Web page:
The shifting make-up of Australia will require a major reform of the nation's welfare system, a landmark report has warned.
The Australian Health and Welfare Institute's 2019 released on Wednesday shows how Australia's welfare system has transformed over the past two decades, shaped by demographic, social and economic changes.
Australia was the sixth lowest spender on social security benefits as a percentage of GDP of the 35 OECD countries, spending 9 per cent compared to an average of 11 per cent.
Fewer Australians are receiving welfare than 20 years ago - but those who are have stayed on it for longer.
It also shows Australia's average employment to population ratio hits a record high.
In 2018, 73.8 per cent of people aged 15-64 were employed, above the OECD average.
If the proportion of the Australian population on income support stayed at 1999 levels, there would have been around 1.1 million extra people aged 18 to 64 receiving payments in 2018.
There's also been a sharp dive in the number of people receiving income support payments, after with major reforms of the social security system.
This included raising the pension age, and parental payments criteria, and activity testing for jobseekers.
In 1999, there were 2.6 million Australians receiving income support - or about 22 per cent of people aged 18 to 64.
In 2018, that fell to 2.3 million - despite the overall population growing from 18.8 million to 25 million - or about 15 per cent of people in the 18 to 64 bracket.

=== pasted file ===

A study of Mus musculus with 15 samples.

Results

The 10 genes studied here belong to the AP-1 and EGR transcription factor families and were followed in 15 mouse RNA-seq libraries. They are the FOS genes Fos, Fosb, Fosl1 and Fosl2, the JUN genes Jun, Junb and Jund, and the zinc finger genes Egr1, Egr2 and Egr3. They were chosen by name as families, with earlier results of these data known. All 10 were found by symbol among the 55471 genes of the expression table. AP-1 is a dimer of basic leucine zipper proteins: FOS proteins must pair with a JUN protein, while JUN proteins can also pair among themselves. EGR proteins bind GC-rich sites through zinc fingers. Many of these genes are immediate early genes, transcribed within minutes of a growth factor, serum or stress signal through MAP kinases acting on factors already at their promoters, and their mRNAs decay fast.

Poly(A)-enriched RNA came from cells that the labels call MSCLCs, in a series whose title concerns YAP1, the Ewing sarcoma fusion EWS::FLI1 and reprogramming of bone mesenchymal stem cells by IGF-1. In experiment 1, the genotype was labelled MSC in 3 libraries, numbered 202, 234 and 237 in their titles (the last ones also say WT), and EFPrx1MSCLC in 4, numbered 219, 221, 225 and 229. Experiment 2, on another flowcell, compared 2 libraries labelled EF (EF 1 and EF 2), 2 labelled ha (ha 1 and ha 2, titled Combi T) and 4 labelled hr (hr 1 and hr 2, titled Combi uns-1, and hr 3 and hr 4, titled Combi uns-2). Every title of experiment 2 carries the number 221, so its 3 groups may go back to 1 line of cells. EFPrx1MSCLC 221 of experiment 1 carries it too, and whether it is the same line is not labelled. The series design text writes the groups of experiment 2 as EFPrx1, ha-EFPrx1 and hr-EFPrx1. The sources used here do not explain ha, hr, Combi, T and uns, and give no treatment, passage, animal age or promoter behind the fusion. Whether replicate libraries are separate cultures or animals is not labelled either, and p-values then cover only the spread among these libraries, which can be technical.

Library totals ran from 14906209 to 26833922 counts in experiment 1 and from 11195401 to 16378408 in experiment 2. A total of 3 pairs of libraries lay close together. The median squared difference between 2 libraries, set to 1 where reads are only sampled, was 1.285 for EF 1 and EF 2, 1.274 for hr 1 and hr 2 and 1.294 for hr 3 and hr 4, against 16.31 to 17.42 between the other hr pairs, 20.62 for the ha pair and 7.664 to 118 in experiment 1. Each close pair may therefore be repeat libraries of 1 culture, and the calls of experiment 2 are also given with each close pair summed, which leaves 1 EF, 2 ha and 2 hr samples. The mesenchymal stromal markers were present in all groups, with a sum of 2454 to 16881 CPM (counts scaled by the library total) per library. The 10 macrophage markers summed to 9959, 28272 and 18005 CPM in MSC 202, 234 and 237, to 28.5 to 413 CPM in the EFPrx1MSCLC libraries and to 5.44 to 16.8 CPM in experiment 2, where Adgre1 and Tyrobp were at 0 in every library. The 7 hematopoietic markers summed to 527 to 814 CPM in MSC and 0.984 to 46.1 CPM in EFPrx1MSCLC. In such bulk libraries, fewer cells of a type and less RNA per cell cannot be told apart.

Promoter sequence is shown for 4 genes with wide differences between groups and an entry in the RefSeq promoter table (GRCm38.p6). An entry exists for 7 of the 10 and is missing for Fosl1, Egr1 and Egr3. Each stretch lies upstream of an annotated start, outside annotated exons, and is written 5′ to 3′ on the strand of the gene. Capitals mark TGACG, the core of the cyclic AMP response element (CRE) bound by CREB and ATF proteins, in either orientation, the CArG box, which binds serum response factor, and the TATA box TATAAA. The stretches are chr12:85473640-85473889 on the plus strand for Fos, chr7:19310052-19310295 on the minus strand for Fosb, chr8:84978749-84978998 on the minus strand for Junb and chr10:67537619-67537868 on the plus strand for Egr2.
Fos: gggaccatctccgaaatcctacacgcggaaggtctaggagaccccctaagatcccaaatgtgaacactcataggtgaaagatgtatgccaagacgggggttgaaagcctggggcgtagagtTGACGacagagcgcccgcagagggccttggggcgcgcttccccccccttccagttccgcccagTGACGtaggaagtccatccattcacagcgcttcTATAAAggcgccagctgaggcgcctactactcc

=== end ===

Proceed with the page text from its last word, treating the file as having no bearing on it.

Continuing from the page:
The number of older Australians receiving income support more than halved between 1999 and 2018, due in part to women in the 60-64 age bracket no longer qualifying for the pension.
The number of people on unemployment benefits has also declined since 1999 - from 6.1 per cent to a low of 3.4 per cent in 2008 then rising again to 5.3 per cent in 2018.
However the number of long-term unemployed has risen significantly.
In 2018, 24.5 per cent of unemployed people aged 15 and over had been looking for work for more than a year.
In 2009, that figure was 14.8 per cent.
The number of people on income support payments longer term is also stark.
In 2018, close to three-quarters of recipients aged 18-64 had been on a payment for two or more years.
Of people aged 25 60 49 who were receiving payments in 2009, nearly two-thirds were still getting benefits in 2018. More than half of those people had been getting payments in 2000 as well.
The number of people on disability pensions has also declined from from 4.8 per cent in 1999 to 4.4 per cent in 2018, due to the falling number of people with disabilities and a tightening of the criteria for payments.
However there was a notable increase in the number of people claiming carers pensions - from 0.3 per cent to 1.5 per cent - likely due to the increased eligibility age for Age Pension and closure of various partner payments.
But the institute said as the age and characteristics of the Australian population changed, the welfare system needed to as well.
It flagged key population groups with an immediate or possible future need for welfare services, including young children and families, in order to prevent the inter-generational transmission of disadvantage.
It also said the welfare system needed to cater for those likely to experience economic and social hardship, including a disproportionate number of Indigenous Australians, refugees and prisoners.
Social supports should also be targeted at people living in regional and remote Australia, as well as people experiencing entrenched long-term disadvantage or inter-generational trauma.
Older people and those with a disability were also flagged as groups with a future need. More support would be required to keep older people in their homes.